Self-builds are becoming more and more popular in Northern Ireland. The ability to build an energy-efficient home has become a huge consideration to ensure self-build homes are future-proofed.
With renewable energy prices falling and incentives to go green, there has never been a better time to invest in carbon-neutral technologies. It’s also worth noting that the UK government has agreed that gas boilers will be prohibited in all new build homes after 2025. The government’s “future homes standard” will require low-carbon systems, such as heat pumps, in all new construction. New homes built after this year are expected to achieve a 31% reduction in carbon emissions, ensuring the industry is ready to meet the new standards by 2025.
Air Source Heat Pump
The most common heat pump in NI is the Air Source Heat Pump (ASHP). ASHP absorbs heat from the outside air and converts it into a low-temperature liquid refrigerant. The pump then compresses the liquid to raise its temperature through the use of electricity.
It then condenses back into a liquid to release the heat it has stored. They use a wet central heating system to distribute heat and work much more efficiently at lower temperatures than a standard boiler system. As a result, they are better suited for underfloor heating systems or larger radiators that provide heat at lower temperatures over longer periods of time. Even in temperatures as low as -15° Celsius, ASHPs can extract heat!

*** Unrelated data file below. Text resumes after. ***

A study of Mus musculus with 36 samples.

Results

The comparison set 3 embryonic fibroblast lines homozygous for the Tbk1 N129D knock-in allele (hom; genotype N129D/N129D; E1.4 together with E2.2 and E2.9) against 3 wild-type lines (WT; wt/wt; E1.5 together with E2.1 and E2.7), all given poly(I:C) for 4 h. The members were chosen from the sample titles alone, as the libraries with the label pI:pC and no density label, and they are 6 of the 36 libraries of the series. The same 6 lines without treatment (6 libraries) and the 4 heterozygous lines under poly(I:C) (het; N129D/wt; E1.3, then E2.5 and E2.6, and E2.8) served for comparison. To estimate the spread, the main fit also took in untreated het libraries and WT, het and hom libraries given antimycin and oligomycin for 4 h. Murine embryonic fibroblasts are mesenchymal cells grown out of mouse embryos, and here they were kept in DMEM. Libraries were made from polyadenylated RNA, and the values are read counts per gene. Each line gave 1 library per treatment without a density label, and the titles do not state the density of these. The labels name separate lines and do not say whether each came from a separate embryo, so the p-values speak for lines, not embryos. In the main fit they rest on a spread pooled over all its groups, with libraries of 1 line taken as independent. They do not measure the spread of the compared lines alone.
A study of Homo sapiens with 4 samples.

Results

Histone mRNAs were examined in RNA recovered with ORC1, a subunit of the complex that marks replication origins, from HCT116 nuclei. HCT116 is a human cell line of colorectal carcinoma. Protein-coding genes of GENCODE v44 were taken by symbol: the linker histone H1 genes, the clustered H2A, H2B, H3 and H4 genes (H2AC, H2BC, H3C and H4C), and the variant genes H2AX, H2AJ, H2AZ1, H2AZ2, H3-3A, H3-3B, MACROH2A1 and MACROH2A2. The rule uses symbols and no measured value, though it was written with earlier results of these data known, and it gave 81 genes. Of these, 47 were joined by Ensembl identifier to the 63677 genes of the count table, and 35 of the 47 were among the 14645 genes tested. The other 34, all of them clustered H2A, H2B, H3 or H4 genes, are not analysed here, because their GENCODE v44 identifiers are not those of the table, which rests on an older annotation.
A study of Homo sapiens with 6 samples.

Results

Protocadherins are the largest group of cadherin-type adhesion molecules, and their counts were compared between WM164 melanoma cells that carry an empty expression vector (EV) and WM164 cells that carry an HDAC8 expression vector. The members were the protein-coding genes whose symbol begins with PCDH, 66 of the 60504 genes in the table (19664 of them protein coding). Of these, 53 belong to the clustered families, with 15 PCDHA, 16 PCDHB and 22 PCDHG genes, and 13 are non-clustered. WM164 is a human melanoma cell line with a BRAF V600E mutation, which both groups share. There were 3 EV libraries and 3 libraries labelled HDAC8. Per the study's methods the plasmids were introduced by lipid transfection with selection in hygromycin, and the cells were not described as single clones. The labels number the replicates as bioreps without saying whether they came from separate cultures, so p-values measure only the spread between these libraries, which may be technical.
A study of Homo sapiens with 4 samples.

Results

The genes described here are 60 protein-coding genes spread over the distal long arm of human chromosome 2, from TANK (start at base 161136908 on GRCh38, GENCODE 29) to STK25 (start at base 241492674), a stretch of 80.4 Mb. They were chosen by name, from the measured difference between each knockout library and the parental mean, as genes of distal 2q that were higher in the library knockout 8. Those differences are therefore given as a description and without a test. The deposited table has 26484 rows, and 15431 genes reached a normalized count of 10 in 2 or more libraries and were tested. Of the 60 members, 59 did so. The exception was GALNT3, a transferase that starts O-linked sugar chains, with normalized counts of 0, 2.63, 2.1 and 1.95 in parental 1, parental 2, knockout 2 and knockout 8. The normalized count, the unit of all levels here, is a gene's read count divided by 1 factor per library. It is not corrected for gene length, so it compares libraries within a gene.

An air-source heat pump is best installed outside, preferably at the back or side of your home, in a sunny location. They require good airflow to work efficiently because they draw air in through the sides and back of the unit and then allow cold air to exit from the front once the heat has been extracted. You’ll also need to consider how much space you’ll need indoors for the compressor and a hot water cylinder.
Solar panels use the sun’s energy to generate electricity and require only daylight to operate, rather than direct sunlight. They work best on a south-facing roof with a pitch angle of 30 to 40 degrees. Panels can be installed on a flat roof or on a ground frame, but a sloping roof is usually the simplest. Though facing south is ideal, any direction between east and west is possible. When designing your self-build, make sure that your solar panel system is not going to be overshadowed by trees or other structures, as this will reduce the performance of your system. Solar PV is now more affordable than ever and can be used in conjunction with an air source heat pump.